Recent research into police files has revealed that the bombings were instigated by Auguste Coulon, an agent provocateur of Special Branch Inspector William Melville, who would go on to become an early official of what became MI5.
On 6 January 1892, an anarchist from Walsall named Joe Deakin was arrested on Tottenham Court Road, London, and the next day was charged with manufacturing bombs at the Great Marlborough Street Magistrates Court. Following the trial, a number of other anarchists including Victor Cails, Fred Charles, William Ditchfield, John Westley and Jean Battola, were also arrested and jointly charged with manufacturing explosives. When they first appeared at the police court in Walsall, the prosecution asked for the defendants to be remanded for a week, claiming that “[t]he authorities both in Walsall and London had received very important information with reference to what he might call a widespread conspiracy throughout the country.”
The evidence that was presented by the prosecution included a number of allegations that the defendants possessed materials for the construction of explosives:
- Charles was accused of possessing plans written in French for the construction a bomb, as well as a model for an explosive bolt and a French manifesto written by Cails called The Means of Emancipation, which included a call to manufacture and use explosives.
- Cails was accused of possessing a fuse and several French Anarchist publications, one of which was L’International issue 7, which detailed instructions for the manufacture of explosives and how to use them in the demolition of buildings.
- Ditchfield was accused of having a plaster cast for building a bomb in his workshop, an explosive bolt in his home and an amount of clay (mixed together with hair) in the Socialist Club’s basement.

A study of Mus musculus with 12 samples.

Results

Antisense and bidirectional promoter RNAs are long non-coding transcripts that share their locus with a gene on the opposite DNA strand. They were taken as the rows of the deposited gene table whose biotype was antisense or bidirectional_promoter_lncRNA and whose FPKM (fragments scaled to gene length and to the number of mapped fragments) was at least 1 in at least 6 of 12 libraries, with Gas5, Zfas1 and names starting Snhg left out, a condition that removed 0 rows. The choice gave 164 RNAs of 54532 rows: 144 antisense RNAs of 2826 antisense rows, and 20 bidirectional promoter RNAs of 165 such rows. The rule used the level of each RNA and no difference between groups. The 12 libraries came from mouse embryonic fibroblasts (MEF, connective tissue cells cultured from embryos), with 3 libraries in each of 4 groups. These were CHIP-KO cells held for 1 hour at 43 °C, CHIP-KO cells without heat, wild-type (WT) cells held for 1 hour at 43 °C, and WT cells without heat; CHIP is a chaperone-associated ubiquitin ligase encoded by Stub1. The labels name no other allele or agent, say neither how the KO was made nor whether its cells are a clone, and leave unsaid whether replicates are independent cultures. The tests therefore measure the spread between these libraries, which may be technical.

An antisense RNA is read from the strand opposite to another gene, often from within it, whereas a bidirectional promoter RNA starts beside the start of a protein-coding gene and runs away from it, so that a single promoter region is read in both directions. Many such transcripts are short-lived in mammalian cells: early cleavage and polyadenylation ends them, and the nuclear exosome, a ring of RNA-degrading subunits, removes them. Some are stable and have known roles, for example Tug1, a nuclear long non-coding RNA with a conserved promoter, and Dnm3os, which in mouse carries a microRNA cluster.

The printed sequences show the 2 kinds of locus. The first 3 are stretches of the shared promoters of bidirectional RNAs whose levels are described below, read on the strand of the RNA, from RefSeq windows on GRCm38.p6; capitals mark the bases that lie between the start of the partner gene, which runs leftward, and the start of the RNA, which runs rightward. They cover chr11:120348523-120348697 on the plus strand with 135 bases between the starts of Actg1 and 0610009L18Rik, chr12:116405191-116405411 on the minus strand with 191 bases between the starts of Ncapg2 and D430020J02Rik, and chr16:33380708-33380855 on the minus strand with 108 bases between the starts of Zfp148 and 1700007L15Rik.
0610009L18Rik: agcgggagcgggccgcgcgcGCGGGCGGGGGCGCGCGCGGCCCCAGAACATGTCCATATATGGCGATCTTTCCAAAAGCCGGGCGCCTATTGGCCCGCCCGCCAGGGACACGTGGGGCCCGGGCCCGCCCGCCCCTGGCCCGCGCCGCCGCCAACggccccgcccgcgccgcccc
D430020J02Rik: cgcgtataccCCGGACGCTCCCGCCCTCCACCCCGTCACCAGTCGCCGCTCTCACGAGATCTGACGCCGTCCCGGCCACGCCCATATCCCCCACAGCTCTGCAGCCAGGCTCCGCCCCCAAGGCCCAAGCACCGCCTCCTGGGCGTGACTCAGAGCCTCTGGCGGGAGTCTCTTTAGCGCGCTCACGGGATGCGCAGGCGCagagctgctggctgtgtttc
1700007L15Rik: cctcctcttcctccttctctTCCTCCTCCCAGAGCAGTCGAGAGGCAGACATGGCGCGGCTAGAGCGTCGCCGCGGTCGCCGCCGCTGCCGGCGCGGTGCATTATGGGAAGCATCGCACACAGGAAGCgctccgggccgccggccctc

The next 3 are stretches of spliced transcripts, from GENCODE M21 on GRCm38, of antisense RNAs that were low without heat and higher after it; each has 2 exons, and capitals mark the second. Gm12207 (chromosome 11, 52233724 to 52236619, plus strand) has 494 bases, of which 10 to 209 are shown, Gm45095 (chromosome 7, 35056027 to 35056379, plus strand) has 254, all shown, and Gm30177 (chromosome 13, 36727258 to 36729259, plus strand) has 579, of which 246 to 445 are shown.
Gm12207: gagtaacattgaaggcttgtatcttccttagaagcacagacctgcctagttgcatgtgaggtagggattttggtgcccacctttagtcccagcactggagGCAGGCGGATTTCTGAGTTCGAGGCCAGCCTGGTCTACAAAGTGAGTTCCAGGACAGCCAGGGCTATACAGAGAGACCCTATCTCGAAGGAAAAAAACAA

All six were remanded in custody, although no explosives were actually found and there was no evidence as regards the other three defendants.
Under the false belief that Charles was an informant, Deakin made a confession. However, his confession also implicated Auguste Coulon, a French anarchist, who worked as an assistant in the school set up by Louise Michel in order to educate foreign socialists’ children in London. He was also involved in trying to organise chemistry classes and translating and circulating information about bomb making. The police also arrested a Swiss inventor called Cavargna, the inventor of a number of small explosives that were used to exterminate rabbits in Australia, who was released from jail after two days. A further person named McCormack, who had been recently expelled from the socialist club in Walsall, offered to become an informant for the police, who soon decided he was unreliable. He went to Birmingham where he sold his story to the newspaper for drinking money. After being arrested under charges of public intoxication, he promptly declared in court next day that the police had employed him to fabricate evidence against the Walsall Anarchists. Charles Mowbray and David Nicholl were soon also arrested on conspiracy charges.
Following his release, Nicholl was raising money for the Walsall anarchists when, by chance, Coulon’s brother let slip that Coulon himself was a police agent. The defence brought up the situation at the police court and gave Coulon’s address asking why he had not been arrested as well. After Nicholl had set up an anarchist defence fund, Edward Carpenter set up one which raised money in socialist circles. Their different political outlook was especially noticeable as regards to what extent they felt the whole trial was a case of police provocation.